Motorbikes for the Mukogodo and beyond

Two motorbikes

In the northern foothills of Mt Kenya, just across the boundary of Borana Conservancy, sits the picturesque Mukogodo landscape. Comprising Kenya’s largest forest reserve, the Mukogodo Forest Reserve (30,189ha) and four surrounding community lands: Il Ngwesi, Maiyanat, Shulumai and Lekurruki, the area is home to an array of biodiversity, including African savannah elephants, lions, leopards, bush pigs and buffalo.

One of the few remaining dry forests in Kenya, the Mukogodo Forest has a natural vegetation cover loss estimated to be more than 380ha per year. Deforestation, the spread of invasive species (such as prickly pear cactus (Opuntia stricta) and lantana (Lantana spp.)), climate change and land degradation caused by overgrazing, are all responsible. The impacts of these issues are clear from above: bare red soils, widening gullies and sparse vegetation across the sloping hillsides are evidence of overgrazing and the subsequent sediment run-off after the rains. But this perspective also shows the extensive restoration work taking place.

Semi-circular configurations dug by hand, known as “bunds”, dot the soils, their shallow trenches capturing rainwater and seeds and allowing for regrowth. The ILMAMUSI Mukogodo Forest Association is a Community Forest Association (CFA) that has been collaborating with several partners to carry out this work. In addition to the bunds, the CFA plants new trees, regenerates and rehabilitates natural springs, and supports other water projects to improve this unique wildlife habitat. Landscape changes aside, the poaching of native species also remains a grave concern for Mukogodo, whilst instability in the region and the proliferation of firearms are constant threats.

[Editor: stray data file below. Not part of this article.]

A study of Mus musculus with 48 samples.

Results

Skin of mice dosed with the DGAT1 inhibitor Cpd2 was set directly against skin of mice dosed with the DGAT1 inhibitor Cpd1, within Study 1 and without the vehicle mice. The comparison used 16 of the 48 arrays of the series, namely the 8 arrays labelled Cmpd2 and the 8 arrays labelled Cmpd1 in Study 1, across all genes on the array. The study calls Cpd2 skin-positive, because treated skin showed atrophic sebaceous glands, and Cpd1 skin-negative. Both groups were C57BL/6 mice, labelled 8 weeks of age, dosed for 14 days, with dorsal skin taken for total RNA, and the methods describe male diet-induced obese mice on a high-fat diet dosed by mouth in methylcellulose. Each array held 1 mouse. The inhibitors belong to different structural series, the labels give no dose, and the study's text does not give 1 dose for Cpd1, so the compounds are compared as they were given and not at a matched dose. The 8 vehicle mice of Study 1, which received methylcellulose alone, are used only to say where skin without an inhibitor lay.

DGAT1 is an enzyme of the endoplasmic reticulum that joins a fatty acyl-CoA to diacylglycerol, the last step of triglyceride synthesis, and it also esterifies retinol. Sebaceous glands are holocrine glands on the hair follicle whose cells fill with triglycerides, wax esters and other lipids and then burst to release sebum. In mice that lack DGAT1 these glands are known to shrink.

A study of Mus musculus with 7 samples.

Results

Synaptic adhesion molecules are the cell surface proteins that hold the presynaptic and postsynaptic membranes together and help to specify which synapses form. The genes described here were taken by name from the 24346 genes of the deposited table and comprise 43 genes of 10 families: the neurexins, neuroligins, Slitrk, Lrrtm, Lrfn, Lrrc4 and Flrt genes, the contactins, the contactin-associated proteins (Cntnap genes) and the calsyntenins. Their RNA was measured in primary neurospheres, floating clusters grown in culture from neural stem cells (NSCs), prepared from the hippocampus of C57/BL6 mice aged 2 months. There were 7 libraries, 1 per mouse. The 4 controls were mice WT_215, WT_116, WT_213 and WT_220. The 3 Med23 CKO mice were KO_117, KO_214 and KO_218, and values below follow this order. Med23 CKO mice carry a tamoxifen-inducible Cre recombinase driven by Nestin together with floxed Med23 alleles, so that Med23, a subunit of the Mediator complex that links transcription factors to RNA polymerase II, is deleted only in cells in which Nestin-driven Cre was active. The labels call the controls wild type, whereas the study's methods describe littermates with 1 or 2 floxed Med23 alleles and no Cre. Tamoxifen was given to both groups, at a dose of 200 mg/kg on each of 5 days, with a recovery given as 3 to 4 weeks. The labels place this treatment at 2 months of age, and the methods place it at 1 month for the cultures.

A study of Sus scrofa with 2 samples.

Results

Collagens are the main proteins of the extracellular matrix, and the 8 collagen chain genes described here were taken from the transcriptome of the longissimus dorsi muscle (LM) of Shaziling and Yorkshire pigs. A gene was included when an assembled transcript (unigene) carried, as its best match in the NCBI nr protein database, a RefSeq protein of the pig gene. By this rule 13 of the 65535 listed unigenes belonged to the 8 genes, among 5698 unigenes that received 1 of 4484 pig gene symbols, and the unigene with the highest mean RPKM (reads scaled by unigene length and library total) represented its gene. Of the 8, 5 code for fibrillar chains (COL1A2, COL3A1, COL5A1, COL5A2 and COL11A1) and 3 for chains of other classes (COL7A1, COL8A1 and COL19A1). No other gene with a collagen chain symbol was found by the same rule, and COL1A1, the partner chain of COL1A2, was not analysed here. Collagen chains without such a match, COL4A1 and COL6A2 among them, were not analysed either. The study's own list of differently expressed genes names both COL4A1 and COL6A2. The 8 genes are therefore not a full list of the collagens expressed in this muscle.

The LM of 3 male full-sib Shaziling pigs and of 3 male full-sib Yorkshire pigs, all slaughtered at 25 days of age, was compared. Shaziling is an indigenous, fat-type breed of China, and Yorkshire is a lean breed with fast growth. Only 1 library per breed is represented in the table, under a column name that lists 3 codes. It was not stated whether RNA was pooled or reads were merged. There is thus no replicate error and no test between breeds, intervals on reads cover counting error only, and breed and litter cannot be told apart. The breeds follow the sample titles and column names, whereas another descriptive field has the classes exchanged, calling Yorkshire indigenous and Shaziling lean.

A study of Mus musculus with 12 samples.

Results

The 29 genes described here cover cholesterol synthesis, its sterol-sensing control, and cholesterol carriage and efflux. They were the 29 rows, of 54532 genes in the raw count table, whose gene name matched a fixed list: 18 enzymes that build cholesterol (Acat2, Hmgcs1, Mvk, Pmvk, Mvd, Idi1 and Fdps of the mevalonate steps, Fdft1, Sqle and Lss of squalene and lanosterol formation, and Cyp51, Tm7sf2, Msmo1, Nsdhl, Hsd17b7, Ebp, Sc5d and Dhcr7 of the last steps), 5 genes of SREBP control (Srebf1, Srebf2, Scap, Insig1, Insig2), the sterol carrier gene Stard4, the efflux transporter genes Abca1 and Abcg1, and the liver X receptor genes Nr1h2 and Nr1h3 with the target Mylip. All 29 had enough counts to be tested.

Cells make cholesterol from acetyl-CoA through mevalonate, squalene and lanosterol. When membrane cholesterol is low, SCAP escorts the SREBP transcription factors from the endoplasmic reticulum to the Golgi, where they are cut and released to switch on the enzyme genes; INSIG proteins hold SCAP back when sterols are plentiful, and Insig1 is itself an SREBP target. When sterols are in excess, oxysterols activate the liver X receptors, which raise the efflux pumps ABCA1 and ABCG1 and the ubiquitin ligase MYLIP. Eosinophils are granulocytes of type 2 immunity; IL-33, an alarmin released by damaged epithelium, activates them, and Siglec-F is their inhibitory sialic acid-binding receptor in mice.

With its dense vegetation and cover, the Mukogodo Forest has frequently acted as a hideout for cattle rustlers. After raiding local farms and ranches, they take the stolen livestock into the Forest, where it’s more difficult for rangers and police to locate them before they leave the area, heading into the north.

Thanks to funding from generous donors, we were recently able to help purchase two K160R Kibo bikes, insurance, helmets, as well as other accessories such as reflector jackets and tool kits, for ILMAMUSI. Motorbikes are incredibly useful in the bush and this pair has been no different. Increased patrolling efforts thanks to the two motorcycles have led to improved response times, which, in turn, have reduced incidents of poaching and deforestation activities.

Whilst the Mukogodo Forest itself isn’t home to rhinos, rhinos are living in conservancies throughout the broader landscape. In the future (with improvements to security and the habitat, and in collaboration with the custodians of the land) it’s hoped that rhinos can return. One of the reserves in the landscape is Il Ngwesi, which already has Southern white rhinos and was previously home to Omni, an orphaned black rhino. Tragically, Omni was killed by a poaching gang in 2013.

As we support efforts to boost security and protect the Mukogodo habitat, we hope that rhinos like Omni can once again thrive across the Forest and throughout this landscape. It is only thanks to donors like you that we can work towards this goal. Thank you.